When your kid goes through a breakup, it can be even more difficult on you. You feel helpless to make it better. Here are some tips to help you and your adolescent get through a breakup the smoothest way.


1. Don’t Minimize
First love is different from other love. It is all in with no holding back and then boom, it’s gone. It is often the first time the teen is experiencing the ending of a relationship. Girls may fair better than boys if they have had the experience and heartbreak of losing a close girlfriend.


Remember that because there are no inhibitions or boundaries, the pain of the breakup doesn’t necessarily correlate with the length of the relationship.


The pain is real for them and is especially strong since they have never experienced it before and are not sure how to deal with it. Let him grieve for awhile.
2. Offer Them Support and Them Give Space
Don’t be intrusive and ask a bunch of questions, rather make a point to be available to listen with your undivided attention if they want to talk.


Show them you are a safe haven to express whatever they are feeling. Many times if a parent tries to start the conversation, the teen shuts them down.


Just let your child know you are there for her when she would like to talk.


3. Don’t Lecture
While showing support be very careful not to give advice until they ask for it. They probably have mixed feelings about the ex so no matter what you say it will be wrong. Aim to keep them talking and you listening.


4. Don’t Diss The Ex
Don’t talk negatively about the ex. That won’t help them mourn the loss any faster. Maintain a neutral stance. “You’ll find someone better” isn’t the best way to go. Never say “She wasn’t good enough for you.”


The idea behind saying these things is to help your child feel better, but it ends up sounding like a criticism towards their choice in boyfriend or girlfriend. Keep the focus on helping your child get better. Say things like “It really hurts to lose someone you love” or “I’m so sorry you have to go through this.”


5. Don’t Get Involved Yourself
As a parent it can be crushing to watch your child go through something so painful. You want so badly to make it better.
It can be tempting to contact the ex yourself and try to “fix” the relationship or give them a piece of your mind. This is never a good idea as it is bound to make the situation worse as well as teach your child that you do not believe they are capable of handling the breakup on their own.


6. Don’t Let Your Feelings Dominate 
If you’ve grown attached to your child’s ex, you may also be disappointed that the relationship is over. While you may have already had the wedding planned in your mind, keep these feelings to yourself.


Don’t add to your child’s distress and instead talk about these feelings with your partner or trusted friend. Remember this might end up being tougher on you than it is on them. This could be the first time you’ve watched your child go through adult-like pain.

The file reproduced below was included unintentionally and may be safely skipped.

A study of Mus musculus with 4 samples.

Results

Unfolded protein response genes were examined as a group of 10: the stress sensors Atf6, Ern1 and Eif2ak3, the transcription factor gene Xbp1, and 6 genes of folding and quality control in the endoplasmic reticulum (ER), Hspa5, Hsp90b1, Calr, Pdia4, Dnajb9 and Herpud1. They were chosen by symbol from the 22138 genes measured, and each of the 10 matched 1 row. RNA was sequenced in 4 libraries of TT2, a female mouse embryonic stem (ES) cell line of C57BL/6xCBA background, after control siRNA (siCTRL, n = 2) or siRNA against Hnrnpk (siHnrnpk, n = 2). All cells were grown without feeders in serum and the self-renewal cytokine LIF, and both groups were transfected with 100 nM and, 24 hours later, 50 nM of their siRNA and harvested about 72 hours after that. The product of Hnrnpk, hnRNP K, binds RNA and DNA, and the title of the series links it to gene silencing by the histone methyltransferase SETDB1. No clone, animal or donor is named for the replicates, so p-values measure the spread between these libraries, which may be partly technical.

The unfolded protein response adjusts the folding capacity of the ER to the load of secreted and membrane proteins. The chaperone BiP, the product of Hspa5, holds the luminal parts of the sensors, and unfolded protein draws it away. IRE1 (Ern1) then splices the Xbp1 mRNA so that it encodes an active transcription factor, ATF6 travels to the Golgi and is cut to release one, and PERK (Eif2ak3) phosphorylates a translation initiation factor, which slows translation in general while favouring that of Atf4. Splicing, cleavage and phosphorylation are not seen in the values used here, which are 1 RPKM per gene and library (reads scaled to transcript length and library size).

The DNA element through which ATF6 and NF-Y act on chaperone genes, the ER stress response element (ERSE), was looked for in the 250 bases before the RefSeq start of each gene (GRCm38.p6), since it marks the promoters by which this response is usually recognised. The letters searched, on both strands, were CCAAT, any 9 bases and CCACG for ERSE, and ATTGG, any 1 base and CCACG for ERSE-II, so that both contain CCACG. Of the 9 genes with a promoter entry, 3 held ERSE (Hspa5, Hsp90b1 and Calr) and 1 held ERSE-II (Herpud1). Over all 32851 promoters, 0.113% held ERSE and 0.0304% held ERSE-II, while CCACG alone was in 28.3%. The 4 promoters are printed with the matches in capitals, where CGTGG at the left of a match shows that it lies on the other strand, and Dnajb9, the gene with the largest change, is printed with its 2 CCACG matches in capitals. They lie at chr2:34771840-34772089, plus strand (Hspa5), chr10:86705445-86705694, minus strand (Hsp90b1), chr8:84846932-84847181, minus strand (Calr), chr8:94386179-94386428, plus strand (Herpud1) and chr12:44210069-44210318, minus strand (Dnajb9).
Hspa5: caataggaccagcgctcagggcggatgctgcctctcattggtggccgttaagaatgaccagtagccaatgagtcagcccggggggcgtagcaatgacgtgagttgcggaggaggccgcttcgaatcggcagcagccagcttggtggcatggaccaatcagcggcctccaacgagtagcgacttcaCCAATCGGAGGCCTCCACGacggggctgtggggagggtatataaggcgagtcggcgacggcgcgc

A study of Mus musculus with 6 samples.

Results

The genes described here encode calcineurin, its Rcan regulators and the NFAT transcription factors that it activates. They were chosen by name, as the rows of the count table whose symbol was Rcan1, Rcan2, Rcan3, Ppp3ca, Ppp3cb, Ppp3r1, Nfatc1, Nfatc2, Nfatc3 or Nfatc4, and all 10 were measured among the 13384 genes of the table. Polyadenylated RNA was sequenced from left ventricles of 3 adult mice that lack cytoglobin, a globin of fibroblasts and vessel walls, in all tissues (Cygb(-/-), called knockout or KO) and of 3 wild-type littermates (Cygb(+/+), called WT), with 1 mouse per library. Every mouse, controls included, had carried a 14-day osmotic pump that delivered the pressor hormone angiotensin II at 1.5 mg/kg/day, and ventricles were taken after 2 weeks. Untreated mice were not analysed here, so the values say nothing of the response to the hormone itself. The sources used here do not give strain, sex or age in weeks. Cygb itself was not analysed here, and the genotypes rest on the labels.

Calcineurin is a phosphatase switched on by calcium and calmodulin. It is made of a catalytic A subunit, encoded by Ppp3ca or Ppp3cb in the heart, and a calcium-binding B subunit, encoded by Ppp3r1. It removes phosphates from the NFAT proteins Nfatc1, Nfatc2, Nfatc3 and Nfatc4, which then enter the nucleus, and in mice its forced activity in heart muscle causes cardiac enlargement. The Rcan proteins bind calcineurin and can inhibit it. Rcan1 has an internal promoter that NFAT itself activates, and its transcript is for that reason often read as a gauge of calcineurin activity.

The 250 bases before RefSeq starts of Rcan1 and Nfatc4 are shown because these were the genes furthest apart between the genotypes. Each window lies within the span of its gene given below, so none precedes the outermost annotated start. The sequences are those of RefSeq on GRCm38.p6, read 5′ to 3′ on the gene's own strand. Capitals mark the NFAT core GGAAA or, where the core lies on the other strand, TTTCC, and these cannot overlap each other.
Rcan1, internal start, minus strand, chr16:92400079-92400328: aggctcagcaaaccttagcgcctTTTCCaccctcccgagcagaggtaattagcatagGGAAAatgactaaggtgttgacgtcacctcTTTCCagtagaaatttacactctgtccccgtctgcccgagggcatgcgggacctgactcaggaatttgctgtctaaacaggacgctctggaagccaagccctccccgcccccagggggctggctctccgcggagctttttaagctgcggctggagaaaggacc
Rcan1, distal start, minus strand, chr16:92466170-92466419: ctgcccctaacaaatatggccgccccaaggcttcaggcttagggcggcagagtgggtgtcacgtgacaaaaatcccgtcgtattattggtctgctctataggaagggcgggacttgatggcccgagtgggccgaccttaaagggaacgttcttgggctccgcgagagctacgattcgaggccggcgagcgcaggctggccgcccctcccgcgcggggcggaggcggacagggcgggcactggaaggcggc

7. Share Your Own Stories
Empathize with your child by sharing your own young relationships stories and how they ended. Reminisce about how miserable you were and how you pulled through with enough time. Show them old photos and use it as a time to bond with each other.
8. Keep Them Healthy  
Some studies have shown exercise to be just as effective for treating depression as antidepressants. Endorphins are very important for mood regulation. Suggest your teen try out a new dance or exercise class or go for a bike ride.


Water balloons are my favorite and can be played with siblings, parents or friends. Mindfulness and focus can be incorporated by starting very close to the other person/people and tossing the balloon back and forth stepping farther apart after each toss.


I’ve played this game with many clients and it’s nearly impossible for them to feel depressed while being forced to focus on the moment and attempt to “avoid” getting wet. It serves as a great reminder that they can take steps to control their emotions.
9. Encourage Them to Get Back to Daily Life
It is important to encourage them to keep up with their responsibilities and stay active doing the things they enjoy. A trip to the movie theater with friends, shopping, or a spa day. And of course they need to go to school, finish homework, and attend if they have an after school sport or job.


10. Remind Them Of the Positives
Breakups teach important lessons. They foster resilience and help your child learn coping skills and mood regulation as well as how to forgive themselves and others.


Most relationships don’t last. It’s not a happy way of looking at it, but even if they get married, many end in divorce. If not divorce someone will pass away first. Learning to deal with the ending of a relationship is a skill life requires.


Given that, falling in love is a risk worth taking. It is worth the pain at the end if you choose the right person to be with for a certain amount of time.


11. When to Seek Therapy
If your child is especially sad, feels hopeless, worthless, has trouble sleeping, or the breakup is impairing their ability to function for long periods of time, then by all means give me a call. Other red flags include drug use, self harm or suicidal ideation.


If there are big changes in behavior and sadness starts to seem like depression, seek help. You know your kid best. You may be able to give her a head start on learning how to deal with this type of pain. Pain she will likely feel many more times in her life.


Breakups can highlight and exacerbate many negative beliefs about yourself, especially in the teen years. I use a technique called EMDR that works especially well with targeting these beliefs and replacing them with positive ones instead. It’s very well researched and recommended by the American Psychiatric Association.


Call me today and we can talk about if it can help your child.